News WrapGet Handpicked Stories from our editors directly to your mailbox

Bollywood's MeToo movement has been tragically derailed by opportunists, publicity-seekers

"I didn't know any better," or, "I was afraid I'd lose my job," are not quite the alibis that serve the MeToo movement well.

Updated: Oct 24, 2018, 17:14 PM IST

Sussanne Khan is not wrong. There are indeed lots of pretence and false allegations in the MeToo movement that has gripped the Indian entertainment industry.

I am sorry to say the wonderful, pathbreaking movement has been hijacked by opportunists and publicity-seekers. Yup, the movement meant to move men from their misogynist mindsets, stands tragically derailed. Thinly veiled threats and naked slander are being masqueraded as manifestations of a movement that meant to set the gender equation right.

The raging outrage against sexual misconduct has turned in no time into a blind subjective target-shooting practice for people who have nothing better to do than think of ways to cause discomfort in the lives of those who are far more famous - and hence far more vulnerable -  than those being attacked.

Almost every hour a new name is being hurled into the social media space. Wild allegations, unsubstantiated by facts and figures. It's the coming-of-age of the cult of careless whispers. The other day it was Alok Nath, who was so shaken he told me, "I don't know what to say. And I can't say nothing. Because not saying anything is seen as a sign of guilt."

A day ago it was Subhash Ghai. A day later it's Bhushan Kumar. Who is it going to be tomorrow?

Now, there is a hairdresser who has issued a warning to Mr Bachchan that he will be exposed.

Really? The plot, as they say, sickens.

It's a free-for-all among Bollywood's namers and shamers. As a producer-friend said to me half-jokingly, "Anyone and everyone is being pulled up. In my 40-year career, I've never misbehaved with any woman. This is not to say I am a saint. Of course, I've had my share of flings. But there was never any hint of persuasion or force. What if one of those women now claim I raped her? What would I do?"

It is a valid fear that grips the Indian entertainment industry as the long-due MeToo movement sweeps across its corridors.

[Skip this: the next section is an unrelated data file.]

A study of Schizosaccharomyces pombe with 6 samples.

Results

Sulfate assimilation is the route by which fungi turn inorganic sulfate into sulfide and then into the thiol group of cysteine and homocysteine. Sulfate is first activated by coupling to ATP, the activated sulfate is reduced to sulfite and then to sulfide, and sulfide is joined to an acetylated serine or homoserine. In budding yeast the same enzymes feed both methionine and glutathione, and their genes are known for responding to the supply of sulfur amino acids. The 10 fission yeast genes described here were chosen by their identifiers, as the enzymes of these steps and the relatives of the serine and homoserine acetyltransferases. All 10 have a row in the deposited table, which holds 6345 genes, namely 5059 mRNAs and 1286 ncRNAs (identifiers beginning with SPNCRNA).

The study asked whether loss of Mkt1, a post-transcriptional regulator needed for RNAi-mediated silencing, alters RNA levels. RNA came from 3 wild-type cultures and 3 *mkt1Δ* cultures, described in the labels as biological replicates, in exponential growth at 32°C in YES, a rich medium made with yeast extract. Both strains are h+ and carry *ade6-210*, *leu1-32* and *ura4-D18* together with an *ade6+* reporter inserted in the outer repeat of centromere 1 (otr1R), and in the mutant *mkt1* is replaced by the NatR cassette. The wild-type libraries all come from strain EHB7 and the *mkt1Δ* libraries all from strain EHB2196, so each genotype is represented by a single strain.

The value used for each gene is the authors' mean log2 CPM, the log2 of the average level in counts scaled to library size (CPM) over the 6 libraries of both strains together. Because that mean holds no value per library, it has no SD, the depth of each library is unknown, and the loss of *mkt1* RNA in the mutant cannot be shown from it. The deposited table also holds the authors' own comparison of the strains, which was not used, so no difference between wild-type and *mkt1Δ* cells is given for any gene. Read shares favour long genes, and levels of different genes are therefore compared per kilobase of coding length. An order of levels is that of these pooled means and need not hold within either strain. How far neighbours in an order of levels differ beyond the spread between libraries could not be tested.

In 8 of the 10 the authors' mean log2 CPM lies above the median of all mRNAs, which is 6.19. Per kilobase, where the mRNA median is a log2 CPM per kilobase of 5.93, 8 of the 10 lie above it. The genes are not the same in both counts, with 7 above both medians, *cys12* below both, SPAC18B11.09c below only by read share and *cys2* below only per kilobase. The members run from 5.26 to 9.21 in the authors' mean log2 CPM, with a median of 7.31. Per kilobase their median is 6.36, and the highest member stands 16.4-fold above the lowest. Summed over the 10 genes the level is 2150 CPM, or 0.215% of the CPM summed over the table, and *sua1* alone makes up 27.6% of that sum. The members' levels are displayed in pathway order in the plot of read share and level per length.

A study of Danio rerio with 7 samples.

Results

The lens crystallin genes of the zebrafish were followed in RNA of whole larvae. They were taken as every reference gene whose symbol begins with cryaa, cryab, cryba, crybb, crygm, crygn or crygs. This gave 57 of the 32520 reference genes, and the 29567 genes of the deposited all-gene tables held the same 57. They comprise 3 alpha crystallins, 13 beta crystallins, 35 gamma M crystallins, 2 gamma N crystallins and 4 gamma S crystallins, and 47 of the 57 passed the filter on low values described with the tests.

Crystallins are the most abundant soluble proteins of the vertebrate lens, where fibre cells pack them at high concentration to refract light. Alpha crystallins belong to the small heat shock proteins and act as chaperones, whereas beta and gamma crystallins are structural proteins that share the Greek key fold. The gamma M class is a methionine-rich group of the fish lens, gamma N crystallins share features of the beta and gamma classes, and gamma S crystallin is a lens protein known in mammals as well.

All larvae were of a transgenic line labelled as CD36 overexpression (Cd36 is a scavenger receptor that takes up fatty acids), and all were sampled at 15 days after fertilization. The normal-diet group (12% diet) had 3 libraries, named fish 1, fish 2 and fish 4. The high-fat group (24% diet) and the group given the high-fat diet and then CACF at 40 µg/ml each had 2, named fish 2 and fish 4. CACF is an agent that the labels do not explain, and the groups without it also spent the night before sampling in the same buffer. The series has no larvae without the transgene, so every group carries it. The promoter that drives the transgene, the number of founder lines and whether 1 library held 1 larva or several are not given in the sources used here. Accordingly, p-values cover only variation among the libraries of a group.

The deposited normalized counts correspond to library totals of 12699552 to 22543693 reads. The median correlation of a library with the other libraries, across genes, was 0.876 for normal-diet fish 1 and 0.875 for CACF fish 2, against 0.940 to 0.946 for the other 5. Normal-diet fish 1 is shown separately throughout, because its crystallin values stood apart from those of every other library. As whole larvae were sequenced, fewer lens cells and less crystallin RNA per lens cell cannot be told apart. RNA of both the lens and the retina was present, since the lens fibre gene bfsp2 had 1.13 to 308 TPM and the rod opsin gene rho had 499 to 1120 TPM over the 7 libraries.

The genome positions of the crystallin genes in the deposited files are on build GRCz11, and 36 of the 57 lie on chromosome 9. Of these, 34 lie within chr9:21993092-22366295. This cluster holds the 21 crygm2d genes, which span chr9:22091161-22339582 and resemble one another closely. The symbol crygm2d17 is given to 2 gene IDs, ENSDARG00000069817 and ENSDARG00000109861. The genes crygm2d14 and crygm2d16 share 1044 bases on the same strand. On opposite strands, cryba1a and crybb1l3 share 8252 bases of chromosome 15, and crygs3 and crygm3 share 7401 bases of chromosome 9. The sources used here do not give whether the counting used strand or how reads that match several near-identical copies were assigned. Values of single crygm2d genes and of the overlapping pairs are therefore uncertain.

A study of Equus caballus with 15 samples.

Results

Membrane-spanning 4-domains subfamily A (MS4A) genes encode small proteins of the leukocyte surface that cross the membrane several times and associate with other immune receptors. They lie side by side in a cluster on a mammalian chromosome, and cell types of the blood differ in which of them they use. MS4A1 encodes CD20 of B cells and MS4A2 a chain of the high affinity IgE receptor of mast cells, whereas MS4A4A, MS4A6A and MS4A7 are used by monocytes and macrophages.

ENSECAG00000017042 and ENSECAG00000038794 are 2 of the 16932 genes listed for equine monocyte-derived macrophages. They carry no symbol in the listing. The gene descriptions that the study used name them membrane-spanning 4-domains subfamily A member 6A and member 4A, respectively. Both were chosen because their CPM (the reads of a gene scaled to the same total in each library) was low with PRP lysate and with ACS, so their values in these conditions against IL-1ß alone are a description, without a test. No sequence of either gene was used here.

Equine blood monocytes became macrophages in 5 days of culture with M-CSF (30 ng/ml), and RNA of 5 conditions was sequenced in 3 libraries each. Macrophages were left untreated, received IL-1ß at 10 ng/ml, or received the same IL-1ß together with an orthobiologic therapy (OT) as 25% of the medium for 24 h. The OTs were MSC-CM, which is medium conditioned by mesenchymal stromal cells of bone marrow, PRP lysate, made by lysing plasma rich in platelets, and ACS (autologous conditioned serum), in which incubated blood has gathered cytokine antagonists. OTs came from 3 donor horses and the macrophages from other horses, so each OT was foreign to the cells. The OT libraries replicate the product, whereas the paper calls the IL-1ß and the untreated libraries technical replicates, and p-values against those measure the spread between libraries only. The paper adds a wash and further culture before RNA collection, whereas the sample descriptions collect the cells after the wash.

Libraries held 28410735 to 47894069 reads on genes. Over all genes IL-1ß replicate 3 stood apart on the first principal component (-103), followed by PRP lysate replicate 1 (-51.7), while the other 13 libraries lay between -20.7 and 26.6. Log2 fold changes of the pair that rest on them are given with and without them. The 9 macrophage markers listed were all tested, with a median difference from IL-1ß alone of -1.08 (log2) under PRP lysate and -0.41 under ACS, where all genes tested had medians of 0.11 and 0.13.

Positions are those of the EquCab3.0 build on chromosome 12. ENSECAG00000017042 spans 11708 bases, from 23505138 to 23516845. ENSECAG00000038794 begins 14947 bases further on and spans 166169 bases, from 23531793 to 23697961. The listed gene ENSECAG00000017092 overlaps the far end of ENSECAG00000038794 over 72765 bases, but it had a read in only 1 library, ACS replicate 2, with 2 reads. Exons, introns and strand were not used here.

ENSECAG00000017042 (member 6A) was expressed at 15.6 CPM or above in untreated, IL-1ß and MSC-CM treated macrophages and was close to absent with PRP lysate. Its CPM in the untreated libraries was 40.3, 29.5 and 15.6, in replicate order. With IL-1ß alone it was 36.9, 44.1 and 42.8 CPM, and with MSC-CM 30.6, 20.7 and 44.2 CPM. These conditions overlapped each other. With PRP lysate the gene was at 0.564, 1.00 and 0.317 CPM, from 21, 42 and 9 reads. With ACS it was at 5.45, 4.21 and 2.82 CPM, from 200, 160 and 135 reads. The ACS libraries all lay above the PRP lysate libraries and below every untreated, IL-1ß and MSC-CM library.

"Gandgi saaf ho rahi hai. Bahut acchi baat hai," a very humble and civil superstar said to me. Ironically, his name is also being whispered as one of the potential harassers.

That is ridiculous, because he doesn't need to bully women into submission. They fall at his feet even before he says hello to them. I've seen women literally swoon in front of him. If the fetid corridors of la la land need cleaning up, it isn't because the casting couch has been used excessively. It is because women have allowed men to get away with bad behaviour because it suited their purposes.

Sajid Khan is undoubtedly a sexpest. Everyone knows it for years now. But I've seen how a heroine, a top name today, played up to him and then dumped him when a big superstar got interested in her. That's getting quite a kick out of life. 

"The big heroes don't even know it is misbehaviour. They have never been called out for it. Everyone knows sexual favours are not only sought but also given willingly. I am sorry. But women who use such favours to amplify their ambitions cannot stand up now as part of the MeToo movement," says Chitrangada Singh, who was a victim of on-set harassment when director Kushan Nandy tried to bully her into doing a making-out sequence with Nawazuddin without a saree in a petticoat and blouse.

When she protested, she was labelled difficult. This is an instant-replay version of what transpired with Tanushree Dutta, the true pioneer of the MeToo movement in the Indian entertainment industry.

The legitimate protest against misconduct at the workplace has now been derailed by allegations that make no sense. Simply throwing allegations of harassment anonymously won't work against powerful pre-warned people who already have a fleet of lawyers preparing an offence in the form of a defence.

"I didn't know any better," or, "I was afraid I'd lose my job," are not quite the alibis that serve the MeToo movement well. I know a number of very successful female actors who slept their way to stardom. Are they going to turn around now and say they were taken advantage of? 

The lines between consent and coercion are blissfully blurred now. Mob lynching seems to be overtaking the MeToo movement. And that's the worst that can happen to a movement meant to set right the askew gender equations in an abominably patriarchal entertainment industry.

(Subhash K Jha is a film critic and movie expert)

(Disclaimer: The opinions expressed above are the personal views of the author and do not reflect the views of ZMCL.)